The American Journal of Sports Medicine sets the record straight.
We thought that the war between one and two plankers ended long ago, but the American Journal of Sports Medicine opens old wounds with a recent study finding that—drumroll please—snowboarders suffer more injuries on the slopes. Specifically, inexperienced female snowboarders. The Huffington Post breaks it down here.
Working out at home is convenient, and the price is right. But if you’re lucky enough to live in one of those $200,000-a-month Manhattan studios—or if your kids and their junk have oozed into every square foot of your once-spacious home—you may not have room for all the ski-fitness equipment you desire. Fear not. Here are four items that are easy to stash and serve up everything you need to stay in prime ski shape. The first three are also ideal for travel.
Try these five ski-specific exercises that target multiple muscle groups. You'll get a full-body workout, plus you'll have the strength, endurance, balance and coordination you need to make every run count this season.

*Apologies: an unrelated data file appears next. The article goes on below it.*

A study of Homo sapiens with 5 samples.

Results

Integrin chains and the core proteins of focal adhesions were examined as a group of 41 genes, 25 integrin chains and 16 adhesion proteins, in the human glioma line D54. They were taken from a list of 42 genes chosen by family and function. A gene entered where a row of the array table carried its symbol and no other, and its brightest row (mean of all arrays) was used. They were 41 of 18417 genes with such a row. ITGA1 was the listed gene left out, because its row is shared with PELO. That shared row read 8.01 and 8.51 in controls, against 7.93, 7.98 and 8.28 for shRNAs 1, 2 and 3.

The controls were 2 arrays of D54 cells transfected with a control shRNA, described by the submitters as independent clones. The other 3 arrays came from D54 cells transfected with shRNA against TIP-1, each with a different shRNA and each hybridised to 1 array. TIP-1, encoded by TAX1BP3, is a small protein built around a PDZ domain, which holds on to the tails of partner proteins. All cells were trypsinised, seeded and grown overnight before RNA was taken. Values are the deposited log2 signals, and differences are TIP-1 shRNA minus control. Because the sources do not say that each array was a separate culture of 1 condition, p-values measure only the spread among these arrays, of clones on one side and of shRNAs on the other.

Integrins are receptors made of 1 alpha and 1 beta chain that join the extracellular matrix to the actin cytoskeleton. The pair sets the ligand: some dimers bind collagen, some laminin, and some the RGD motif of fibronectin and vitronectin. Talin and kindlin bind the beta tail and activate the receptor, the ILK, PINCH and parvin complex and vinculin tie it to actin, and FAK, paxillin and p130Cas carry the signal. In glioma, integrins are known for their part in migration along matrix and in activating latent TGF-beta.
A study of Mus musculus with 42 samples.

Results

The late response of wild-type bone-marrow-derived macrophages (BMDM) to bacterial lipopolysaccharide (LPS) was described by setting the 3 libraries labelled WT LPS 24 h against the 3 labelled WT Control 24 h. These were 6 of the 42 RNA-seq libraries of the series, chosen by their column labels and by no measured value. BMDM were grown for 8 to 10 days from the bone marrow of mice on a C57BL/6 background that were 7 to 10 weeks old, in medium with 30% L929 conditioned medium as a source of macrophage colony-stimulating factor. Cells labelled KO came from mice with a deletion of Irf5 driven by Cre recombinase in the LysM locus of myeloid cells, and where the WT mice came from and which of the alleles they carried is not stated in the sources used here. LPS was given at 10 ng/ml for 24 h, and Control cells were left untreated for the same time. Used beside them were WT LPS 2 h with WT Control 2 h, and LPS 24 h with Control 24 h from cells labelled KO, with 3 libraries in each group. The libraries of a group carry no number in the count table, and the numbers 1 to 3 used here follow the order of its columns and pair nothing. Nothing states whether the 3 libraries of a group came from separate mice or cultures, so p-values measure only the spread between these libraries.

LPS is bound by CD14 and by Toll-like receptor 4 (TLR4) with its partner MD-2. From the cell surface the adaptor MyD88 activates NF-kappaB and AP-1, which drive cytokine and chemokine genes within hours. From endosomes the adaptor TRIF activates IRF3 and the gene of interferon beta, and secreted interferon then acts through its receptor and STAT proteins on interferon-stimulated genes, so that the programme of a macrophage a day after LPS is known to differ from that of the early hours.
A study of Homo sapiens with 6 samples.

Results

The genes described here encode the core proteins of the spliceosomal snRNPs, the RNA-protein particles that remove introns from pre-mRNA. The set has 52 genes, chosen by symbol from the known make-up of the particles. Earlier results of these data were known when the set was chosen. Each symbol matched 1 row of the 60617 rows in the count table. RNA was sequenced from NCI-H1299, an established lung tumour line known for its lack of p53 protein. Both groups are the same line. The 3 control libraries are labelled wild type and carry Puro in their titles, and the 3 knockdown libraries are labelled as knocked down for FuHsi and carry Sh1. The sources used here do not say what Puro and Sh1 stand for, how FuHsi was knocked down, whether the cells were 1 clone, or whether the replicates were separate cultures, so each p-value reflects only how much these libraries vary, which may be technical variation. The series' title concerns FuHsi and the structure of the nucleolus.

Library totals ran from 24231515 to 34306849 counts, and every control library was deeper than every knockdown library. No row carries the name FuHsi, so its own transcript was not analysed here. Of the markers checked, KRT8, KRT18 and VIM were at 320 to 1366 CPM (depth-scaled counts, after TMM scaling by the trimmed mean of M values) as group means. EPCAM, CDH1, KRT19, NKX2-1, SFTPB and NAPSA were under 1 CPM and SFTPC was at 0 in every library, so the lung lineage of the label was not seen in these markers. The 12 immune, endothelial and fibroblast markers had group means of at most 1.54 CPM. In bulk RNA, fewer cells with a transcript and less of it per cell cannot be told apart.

iPhone app charges you for every workout you skip and pays you for every one you don't.
Think you'll get to the gym every day this week? Willing to put your money where your mouth—and butt—is? A team of Harvard behavioral economists created an iPhone app that lets you do just that. Every week, you can use the GymPact app to log your workout commitment: how many days you'll visit the gym (or yoga studio or tennis court or swimming pool) and how much you'll pay if you flake out. The theory: The only thing harder to resist than a "Mad Men" marathon or happy hour at T.G.I. Fridays is cold hard cash.
Study concludes what potheads have always hoped: Marijuana in moderation won’t damage your lungs.
No, this isn’t The Onion. Or an ad from a marijuana advocacy group. The New York Times posted a controversial story this week citing a large government study that found that regularly smoking pot—one joint a day—over a period of 20 years didn’t impair lung function. Researchers with the National Institutes of Health followed over 5,000 stoners, er, subjects, in four U.S. cities starting around the age of 25.